RenCap Foresees Crude Oil Price at $40 by Q4


Obinna Chima

Analysts at Renaissance Capital, an international financial advisory company have predicted that crude oil price will rise to about $40 per barrel by the fourth quarter of this year and higher by 2021.

They stated this during an online press briefing held recently. The benchmark Brent crude closed at $34.45 to a barrel yesterday.

The research and investment firm, however, pointed out that lots of damage has already been done to the Nigerian economy due to the disruptions caused by the coronavirus.

“But we are assuming oil will go back to about $40/bl by Q4 and higher in 2021. But this is not an ideal scenario for Nigeria until it turns itself into an industrial economy, it’s going to be a few challenging years for Nigeria, with the budget not being sustainable at this exchange rate, in order to keep that budget manageable.

“Nigerian authorities have done well to take the International Monetary Fund loan, to unify the exchange rate and to suggest that the fuel subsidy is gone forever – that is an improvement for Nigeria in the mid-term. However, Nigeria is going to be in a difficult phase,” they added.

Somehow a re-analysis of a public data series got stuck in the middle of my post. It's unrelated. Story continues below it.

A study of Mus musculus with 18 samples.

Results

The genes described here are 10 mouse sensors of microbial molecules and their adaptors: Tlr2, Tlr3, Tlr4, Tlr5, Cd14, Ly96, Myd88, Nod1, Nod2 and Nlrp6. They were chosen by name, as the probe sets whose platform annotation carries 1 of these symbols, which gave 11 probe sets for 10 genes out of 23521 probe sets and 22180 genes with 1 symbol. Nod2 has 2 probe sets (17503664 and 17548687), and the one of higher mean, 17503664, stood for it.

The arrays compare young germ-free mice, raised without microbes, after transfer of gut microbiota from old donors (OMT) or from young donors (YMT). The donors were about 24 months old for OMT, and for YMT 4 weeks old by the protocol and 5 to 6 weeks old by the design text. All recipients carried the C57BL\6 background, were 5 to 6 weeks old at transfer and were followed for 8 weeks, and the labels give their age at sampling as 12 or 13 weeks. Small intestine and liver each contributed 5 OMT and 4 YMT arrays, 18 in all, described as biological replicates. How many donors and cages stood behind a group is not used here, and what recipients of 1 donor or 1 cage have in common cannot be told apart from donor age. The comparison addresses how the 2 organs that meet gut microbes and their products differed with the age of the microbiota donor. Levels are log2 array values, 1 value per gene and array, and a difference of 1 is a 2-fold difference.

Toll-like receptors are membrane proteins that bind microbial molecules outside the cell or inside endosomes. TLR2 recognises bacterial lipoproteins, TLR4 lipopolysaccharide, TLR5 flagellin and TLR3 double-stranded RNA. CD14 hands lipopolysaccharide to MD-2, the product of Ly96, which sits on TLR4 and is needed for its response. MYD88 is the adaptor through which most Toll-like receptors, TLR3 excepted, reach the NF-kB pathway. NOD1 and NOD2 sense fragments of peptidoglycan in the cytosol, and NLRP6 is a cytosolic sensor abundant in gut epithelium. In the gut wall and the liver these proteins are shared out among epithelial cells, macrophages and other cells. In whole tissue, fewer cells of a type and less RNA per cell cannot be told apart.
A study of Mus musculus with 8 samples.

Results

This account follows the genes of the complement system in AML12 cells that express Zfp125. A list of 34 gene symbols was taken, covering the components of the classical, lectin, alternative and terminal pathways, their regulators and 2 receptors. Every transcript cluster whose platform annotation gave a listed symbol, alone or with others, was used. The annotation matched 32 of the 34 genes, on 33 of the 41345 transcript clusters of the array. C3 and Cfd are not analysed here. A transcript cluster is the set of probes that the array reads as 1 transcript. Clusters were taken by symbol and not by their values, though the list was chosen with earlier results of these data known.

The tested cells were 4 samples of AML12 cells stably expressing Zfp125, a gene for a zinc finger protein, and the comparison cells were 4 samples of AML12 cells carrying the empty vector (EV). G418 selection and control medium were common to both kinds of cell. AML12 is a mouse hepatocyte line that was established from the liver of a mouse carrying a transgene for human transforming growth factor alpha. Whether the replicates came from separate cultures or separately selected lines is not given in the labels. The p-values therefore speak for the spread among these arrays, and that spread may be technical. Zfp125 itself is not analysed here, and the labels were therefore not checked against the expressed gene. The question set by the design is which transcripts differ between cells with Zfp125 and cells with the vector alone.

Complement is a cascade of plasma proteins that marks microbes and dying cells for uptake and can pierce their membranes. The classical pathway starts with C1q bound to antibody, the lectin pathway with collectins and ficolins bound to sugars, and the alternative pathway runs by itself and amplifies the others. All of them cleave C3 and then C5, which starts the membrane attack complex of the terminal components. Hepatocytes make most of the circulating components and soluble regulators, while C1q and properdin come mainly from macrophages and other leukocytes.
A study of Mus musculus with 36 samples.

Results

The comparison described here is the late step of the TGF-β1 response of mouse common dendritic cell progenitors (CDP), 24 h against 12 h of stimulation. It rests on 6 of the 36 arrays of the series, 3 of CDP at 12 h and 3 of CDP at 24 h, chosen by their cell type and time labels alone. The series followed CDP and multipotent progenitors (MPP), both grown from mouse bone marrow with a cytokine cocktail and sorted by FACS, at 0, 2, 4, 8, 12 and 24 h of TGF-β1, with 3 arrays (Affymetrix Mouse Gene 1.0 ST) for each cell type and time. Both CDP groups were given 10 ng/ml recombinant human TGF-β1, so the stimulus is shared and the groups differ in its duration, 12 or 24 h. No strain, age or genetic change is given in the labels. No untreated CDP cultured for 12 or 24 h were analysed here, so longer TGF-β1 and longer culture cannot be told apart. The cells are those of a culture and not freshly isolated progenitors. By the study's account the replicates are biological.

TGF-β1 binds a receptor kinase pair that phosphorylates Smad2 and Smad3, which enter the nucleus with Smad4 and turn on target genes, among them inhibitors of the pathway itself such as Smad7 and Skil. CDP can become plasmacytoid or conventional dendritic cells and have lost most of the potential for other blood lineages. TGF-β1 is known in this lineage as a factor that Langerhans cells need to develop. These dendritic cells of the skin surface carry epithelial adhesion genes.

Commenting on the impact of lockdowns in large-population low-income emerging and frontier markets, the Global Chief Economist, Head of Macro-Strategy Unit, Renaissance Capital, Charles Robertson, said testing data suggests lockdowns do not work in lower income countries where the virus has arrived in significant numbers already, but clearly do in high income countries.

The reality is that running lockdowns is not an option for many emerging and especially frontier markets, he added.

Also, in terms of epidemic’s political implications, he said, “while we cannot estimate the economic toll yet, we can for sure anticipate political consequences across countries with upcoming elections, including Ghana, Ivory Coast and Romania. As for oil producing countries, if oil remains low long enough, this may result in improved democracy or regime change, as was the case with the Soviet Union back in 1980s.”